Bipedal? Curious? Americans give walking and biking a try
As if you needed further proof that the oil-soaked transportation bill now making its way through the U.S. House of Representatives is out of touch with reality, look no further than the just-released 2012 Benchmarking Report from the nonprofit Alliance for Biking and Walking. The report, which culls its numbers from over a dozen government sources and city and state surveys, is chock-full of evidence of the benefits of biking and walking — and the importance of funding infrastructure to encourage more people-powered transportation.
While biking and walking make up 12 percent of all trips in the U.S., they receive only 1.6 percent of federal transportation funding, according to the report. If House Speaker John Boehner & Co. get their way, that percentage would drop to zero. But Americans — particularly young ones — are sick of sitting in traffic, both literally and figuratively. Biking and walking numbers are up, and they will rise even more if we just support the growing desire to drive less.
Nationwide, the number of people who bike to work is up 57 percent since 2000. It’s still a tiny fraction — 0.6 percent — of all commuters, but there’s reason to believe that more people are interested in making the switch: Grassroots bicycle advocacy is on the rise, and participation in adult bike education courses has grown a whopping 267 percent since 2006. Consider, too, that 40 percent of all trips in the U.S. are less than 2 miles. Clearly, we could be doing a lot more biking and walking, and a lot less driving.
The Alliance’s report gives an in-depth look at the chicken-and-egg way cycling and walking grow: More cyclists and pedestrians on the streets signal to local governments that those modes of transportation deserve more infrastructure investment; improved infrastructure encourages more people to bike and walk; and the cycle continues. Not surprisingly, cities with the most biking facilities (Portland, San Francisco, Minneapolis, New York, and Seattle) generally rank high for biking and walking levels. Places at the bottom of the rankings, like Fort Worth, Dallas, and Jacksonville, have little infrastructure.
Perhaps less obvious, but arguably more significant, are the report’s findings on cyclist and pedestrian fatality rates. You might think that as the percentage of a city’s population that bikes and walks increases, so too does the number of related fatalities. But the opposite is true: Oregon, the state with the highest percentage of people biking to work, reports only 1.4 bicycling fatalities per 10,000 daily cyclists, while Mississippi, in the bottom five for bike commuting levels, reports 14.1 fatalities per 10,000 daily cyclists — the highest of any state. Five of the 10 safest cities for cycling are also in the top 10 for rates of bike commuting.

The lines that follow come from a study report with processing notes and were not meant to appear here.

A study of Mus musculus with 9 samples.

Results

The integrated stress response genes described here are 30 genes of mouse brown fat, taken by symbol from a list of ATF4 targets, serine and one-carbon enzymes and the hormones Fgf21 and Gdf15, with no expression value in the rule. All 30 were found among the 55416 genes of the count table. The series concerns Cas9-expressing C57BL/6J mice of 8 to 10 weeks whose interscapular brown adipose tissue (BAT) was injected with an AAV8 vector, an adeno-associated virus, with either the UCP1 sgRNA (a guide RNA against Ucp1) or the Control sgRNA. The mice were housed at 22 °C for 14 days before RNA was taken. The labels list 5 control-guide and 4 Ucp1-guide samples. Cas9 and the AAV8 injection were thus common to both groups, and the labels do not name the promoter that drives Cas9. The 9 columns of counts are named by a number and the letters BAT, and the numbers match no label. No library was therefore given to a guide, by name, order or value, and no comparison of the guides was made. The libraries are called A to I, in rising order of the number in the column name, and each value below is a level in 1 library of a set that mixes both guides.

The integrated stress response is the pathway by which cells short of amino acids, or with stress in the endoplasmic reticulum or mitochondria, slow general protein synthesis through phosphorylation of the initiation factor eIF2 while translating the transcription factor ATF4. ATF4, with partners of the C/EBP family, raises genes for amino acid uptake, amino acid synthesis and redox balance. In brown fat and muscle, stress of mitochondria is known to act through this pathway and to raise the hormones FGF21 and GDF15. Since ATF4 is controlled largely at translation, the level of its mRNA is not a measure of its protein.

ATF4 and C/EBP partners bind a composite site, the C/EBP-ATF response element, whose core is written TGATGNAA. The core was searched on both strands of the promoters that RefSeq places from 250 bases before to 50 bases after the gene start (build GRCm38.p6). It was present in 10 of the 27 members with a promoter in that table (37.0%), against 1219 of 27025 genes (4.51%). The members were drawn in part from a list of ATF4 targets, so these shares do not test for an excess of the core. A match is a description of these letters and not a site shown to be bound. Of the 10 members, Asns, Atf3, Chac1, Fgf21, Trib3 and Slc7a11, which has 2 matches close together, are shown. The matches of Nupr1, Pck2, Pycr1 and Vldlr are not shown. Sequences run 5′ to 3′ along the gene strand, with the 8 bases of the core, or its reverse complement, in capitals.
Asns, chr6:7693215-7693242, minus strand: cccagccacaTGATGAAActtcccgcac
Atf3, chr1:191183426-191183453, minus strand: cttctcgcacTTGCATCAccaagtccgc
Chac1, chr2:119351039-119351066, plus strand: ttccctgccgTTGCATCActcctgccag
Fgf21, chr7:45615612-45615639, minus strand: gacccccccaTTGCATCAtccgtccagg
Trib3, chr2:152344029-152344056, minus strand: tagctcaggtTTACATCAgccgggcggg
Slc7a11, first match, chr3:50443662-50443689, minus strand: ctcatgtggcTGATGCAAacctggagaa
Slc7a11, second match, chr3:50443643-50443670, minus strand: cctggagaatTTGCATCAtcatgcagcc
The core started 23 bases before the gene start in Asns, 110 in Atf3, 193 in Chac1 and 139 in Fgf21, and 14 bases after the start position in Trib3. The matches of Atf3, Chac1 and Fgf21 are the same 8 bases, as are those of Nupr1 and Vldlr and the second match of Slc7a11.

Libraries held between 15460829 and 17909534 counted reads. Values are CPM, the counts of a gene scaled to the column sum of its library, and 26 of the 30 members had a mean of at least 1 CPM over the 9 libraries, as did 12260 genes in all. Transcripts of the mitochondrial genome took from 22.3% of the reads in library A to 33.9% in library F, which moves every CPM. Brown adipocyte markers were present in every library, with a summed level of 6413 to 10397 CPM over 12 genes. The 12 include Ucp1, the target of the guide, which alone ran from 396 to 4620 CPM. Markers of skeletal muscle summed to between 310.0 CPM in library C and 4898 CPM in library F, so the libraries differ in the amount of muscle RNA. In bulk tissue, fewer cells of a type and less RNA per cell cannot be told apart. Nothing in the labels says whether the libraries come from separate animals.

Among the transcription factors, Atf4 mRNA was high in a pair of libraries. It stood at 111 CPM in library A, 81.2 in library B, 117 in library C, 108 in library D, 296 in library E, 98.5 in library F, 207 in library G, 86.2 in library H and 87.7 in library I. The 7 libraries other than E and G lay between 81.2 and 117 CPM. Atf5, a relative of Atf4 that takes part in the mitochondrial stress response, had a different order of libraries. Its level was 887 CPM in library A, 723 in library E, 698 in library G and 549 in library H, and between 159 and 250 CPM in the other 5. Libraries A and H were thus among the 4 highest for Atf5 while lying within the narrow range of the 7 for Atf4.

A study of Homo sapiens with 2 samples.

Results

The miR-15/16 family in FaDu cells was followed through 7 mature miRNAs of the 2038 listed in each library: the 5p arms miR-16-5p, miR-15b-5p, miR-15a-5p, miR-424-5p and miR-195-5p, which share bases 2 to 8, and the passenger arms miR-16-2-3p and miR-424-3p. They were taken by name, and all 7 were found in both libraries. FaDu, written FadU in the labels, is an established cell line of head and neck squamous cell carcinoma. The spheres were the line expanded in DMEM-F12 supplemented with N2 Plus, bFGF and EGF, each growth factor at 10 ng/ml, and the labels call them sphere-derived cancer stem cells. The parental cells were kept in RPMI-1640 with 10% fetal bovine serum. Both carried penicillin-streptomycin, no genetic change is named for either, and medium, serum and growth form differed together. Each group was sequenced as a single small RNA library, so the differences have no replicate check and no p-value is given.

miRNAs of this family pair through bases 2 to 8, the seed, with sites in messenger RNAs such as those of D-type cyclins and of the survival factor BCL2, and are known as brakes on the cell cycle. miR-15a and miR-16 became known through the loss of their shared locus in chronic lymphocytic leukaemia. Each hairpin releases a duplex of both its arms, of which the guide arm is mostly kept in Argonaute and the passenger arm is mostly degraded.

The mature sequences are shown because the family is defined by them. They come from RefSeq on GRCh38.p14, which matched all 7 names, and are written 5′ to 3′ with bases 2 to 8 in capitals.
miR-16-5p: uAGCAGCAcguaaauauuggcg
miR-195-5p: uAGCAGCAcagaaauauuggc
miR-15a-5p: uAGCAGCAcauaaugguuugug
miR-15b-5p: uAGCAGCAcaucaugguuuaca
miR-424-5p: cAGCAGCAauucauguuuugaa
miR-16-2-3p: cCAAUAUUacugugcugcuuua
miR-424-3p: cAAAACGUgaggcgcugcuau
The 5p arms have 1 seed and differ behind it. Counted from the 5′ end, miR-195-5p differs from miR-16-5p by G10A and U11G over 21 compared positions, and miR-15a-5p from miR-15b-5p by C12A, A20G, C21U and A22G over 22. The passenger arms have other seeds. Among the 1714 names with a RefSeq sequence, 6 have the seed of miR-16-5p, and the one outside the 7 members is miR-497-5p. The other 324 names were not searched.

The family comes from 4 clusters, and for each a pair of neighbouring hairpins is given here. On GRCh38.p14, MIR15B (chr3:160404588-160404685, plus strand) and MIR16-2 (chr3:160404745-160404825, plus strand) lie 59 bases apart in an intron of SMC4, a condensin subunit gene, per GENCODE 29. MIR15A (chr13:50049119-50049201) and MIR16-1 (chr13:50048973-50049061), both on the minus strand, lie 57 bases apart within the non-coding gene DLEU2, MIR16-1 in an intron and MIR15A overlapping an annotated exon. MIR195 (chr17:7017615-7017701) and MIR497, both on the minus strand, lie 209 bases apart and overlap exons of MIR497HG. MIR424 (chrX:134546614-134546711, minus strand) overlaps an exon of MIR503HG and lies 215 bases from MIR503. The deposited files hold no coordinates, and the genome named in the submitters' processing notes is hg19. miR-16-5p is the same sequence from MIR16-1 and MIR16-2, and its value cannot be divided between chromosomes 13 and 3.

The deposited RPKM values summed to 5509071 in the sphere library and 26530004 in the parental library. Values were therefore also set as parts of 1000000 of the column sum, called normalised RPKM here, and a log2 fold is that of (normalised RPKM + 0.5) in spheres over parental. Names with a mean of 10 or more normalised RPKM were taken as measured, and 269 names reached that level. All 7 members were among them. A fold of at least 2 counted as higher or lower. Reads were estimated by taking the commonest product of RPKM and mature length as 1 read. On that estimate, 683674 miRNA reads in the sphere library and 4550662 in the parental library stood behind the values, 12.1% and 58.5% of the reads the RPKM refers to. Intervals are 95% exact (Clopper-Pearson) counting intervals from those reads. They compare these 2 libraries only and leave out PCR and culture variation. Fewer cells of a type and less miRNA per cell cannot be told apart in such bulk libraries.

The same pattern applies to pedestrian safety: Seven of the 10 safest cities for pedestrians also rank in the top 10 for levels of walking to work. The least safe place to walk, Fort Worth, also comes in dead last for pedestrian commuting.
This makes sense. If it’s safe to walk or bike to work, you’re more apt to do it. If it means teetering down the narrow shoulder of a six-lane highway, you’ll probably opt to drive. But there’s something else at work here, too. The report also suggests that in places where walking and biking are common, drivers are more accustomed to sharing the streets with cyclists and pedestrians, and thus more likely to keep an eye out for them. It’s simple safety in numbers.
The report identifies a few things besides infrastructure that influence biking and walking rates. Density is one: Your own two feet are more likely to be your go-to method of transportation if most of your daily destinations are within a few-square-mile area of narrow streets with limited parking. No wonder residents of the largest U.S. cities are almost twice as likely to walk or bike to work than the national average. But the list of the top 10 biking/walking states also includes several decidedly rural ones — Alaska, Montana, South Dakota, Wyoming, and Maine — which suggests that biking and walking are not solely the province of the so-called urban liberal elite.
You can probably guess what the Alliance’s report shows about public health. In general, cities and states with lower rates of biking and walking have higher obesity levels, and vice versa. Memphis, eighth from the bottom in combined biking and walking rates, is the fattest city. San Francisco, the thinnest, has the third-highest biking and waking levels.
Which brings us back to the question of where our transportation dollars are best spent. As America’s obesity epidemic and its attendant health problems drive up medical costs for all taxpayers, encouraging people to bike or walk to work should be a no-brainer. And if a city like Portland can build a complete bike infrastructure for the cost of one mile of highway (about $57 million), it’s hard to see that kind of investment as wasteful spending.
Maybe all we need to do is get Boehner and friends out of their cars for a stroll around the National Mall — or better yet, a spin on one of Washington, D.C.’s groovy red bike-share cycles — and let a little fresh air and exercise set their heads straight.